The completion of the Nevada portion of the Central Pacific Railroad was celebrated with the driving of the golden spike near Promontory Point, Utah in May 1869. This followed an intense year of construction of the Central Pacific Railroad through the mountains and deserts of the Great Basin known as Nevada.
Immediately after completion of the Central Pacific, between 1,600 and 2,000 men from that project went to work on the Virginia and Truckee Railroad from Carson City to Virginia City and Reno. The majority of these were Chinese laborers at a time when the population of Virginia City was about 10,000. The permanent residents were interested in mining and other occupations, so they were content to leave the railroad building to the Chinese.
The Central Pacific went through Reno, so it was determined that the V&T should connect to the transcontinental railroad at the Truckee River in downtown Reno, hence the name Virginia and Truckee Railroad. I still remember where the bridge crossed the Truckee to make this connection near where the old “cribs” (brothels) were located.
Several years ago, I was working on a highway construction project between Fernley and Lovelock that happens to cross back and forth over the old roadbed of the original Central Pacific route. In the early evening hours, I had time to walk over several sections of the old roadbed in search of artifacts and to study the construction techniques used by the crews who built this engineering marvel. Much of the roadbed and even some drainage structures were still visible.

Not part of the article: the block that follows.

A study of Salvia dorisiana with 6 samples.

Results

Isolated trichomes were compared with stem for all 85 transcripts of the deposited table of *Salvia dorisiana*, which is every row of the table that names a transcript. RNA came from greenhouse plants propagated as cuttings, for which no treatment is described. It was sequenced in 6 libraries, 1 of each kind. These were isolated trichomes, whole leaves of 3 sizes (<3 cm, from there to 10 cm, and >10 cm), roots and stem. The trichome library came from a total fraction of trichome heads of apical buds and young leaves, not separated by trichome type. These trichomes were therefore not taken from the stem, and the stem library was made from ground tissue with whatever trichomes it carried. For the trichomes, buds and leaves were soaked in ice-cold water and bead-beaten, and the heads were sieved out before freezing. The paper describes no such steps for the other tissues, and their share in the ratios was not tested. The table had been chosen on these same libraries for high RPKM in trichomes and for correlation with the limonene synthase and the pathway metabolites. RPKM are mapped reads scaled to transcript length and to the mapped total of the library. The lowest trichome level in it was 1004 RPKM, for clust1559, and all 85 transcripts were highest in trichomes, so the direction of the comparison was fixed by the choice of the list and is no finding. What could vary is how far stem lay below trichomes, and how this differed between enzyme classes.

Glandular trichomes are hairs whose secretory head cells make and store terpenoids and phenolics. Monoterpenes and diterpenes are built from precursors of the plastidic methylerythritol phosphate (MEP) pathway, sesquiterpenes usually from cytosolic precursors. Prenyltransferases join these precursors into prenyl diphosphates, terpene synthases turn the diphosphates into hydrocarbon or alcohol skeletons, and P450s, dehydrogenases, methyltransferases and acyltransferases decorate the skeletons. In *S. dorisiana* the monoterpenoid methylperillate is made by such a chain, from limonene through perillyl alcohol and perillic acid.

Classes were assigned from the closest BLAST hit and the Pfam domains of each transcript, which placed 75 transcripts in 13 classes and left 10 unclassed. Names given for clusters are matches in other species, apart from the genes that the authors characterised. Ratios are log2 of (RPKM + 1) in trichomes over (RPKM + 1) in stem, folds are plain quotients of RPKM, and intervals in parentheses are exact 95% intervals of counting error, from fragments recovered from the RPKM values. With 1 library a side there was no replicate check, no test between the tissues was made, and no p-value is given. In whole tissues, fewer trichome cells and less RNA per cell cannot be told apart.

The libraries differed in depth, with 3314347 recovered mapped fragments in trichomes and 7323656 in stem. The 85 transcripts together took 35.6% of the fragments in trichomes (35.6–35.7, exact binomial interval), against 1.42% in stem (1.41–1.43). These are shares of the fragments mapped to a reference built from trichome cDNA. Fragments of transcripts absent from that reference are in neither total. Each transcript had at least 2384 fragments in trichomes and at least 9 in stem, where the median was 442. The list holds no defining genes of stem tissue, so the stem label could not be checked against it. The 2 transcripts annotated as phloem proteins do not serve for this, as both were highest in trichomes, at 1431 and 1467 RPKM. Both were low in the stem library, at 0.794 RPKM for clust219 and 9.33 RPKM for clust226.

Being a construction person, I cannot help but admire what was accomplished by these people between April 1868 and May 1869. Without heavy construction equipment, these men built a railroad that crossed the entire expanse of the state of Nevada in a little more than one year. The roadbed was flat and smooth, and the grading was done with Chinese laborers using wheelbarrows, picks and shovels. The roadbed was built up by taking material from a “borrow ditch” on either side and throwing it up onto the roadbed. In a hill or cut section, the material was thrown up over the side and not hauled long distances as it is in modern construction.
The original roadbed didn’t even have ballast between the ties in many areas. This was added later when the line was completed and ballast material could be brought in on railroad cars.
At the Nevada State Railroad Museum, I picked up a remarkable book titled “The Central Pacific Railroad Across Nevada, 1868 & 1997” by Lawrence K. Hersh. The Central Pacific Co. employed an official photographer named Alfred A. Hart who took photos along the way during construction through Nevada.
In Hersh’s book he shows many of these photos along with photos he has taken from the same locations showing, by way of comparison, how these same places look today. This is truly a fascinating volume, and I recommend it to anyone interested in railroad history. I have made a game of visiting many of these same places to see firsthand what traces of the old Central Pacific still can be found.
So far, I have found several railroad spikes, a broken brake shoe, some track plates and a remarkable cover plate from a journal box with the inscription “C.P.R.R. — 1875.” I took my box of rusted Central Pacific Railroad artifacts to the Nevada State Railroad Museum, but they said they had all the rusty junk they needed. Later on, I was working on a construction project in Reno along Ralston Street where the modern trains now travel below the original ground level and found the head of an extremely rusted pick that had been from the Central Pacific Railroad. I now put it to use in my own yard.
This article is by Dayton author and historian Dennis Cassinelli, who can be contacted on his blog at denniscassinelli.com. All Cassinelli’s books sold through this publication will be at a discount plus $3 for each shipment for postage and packaging.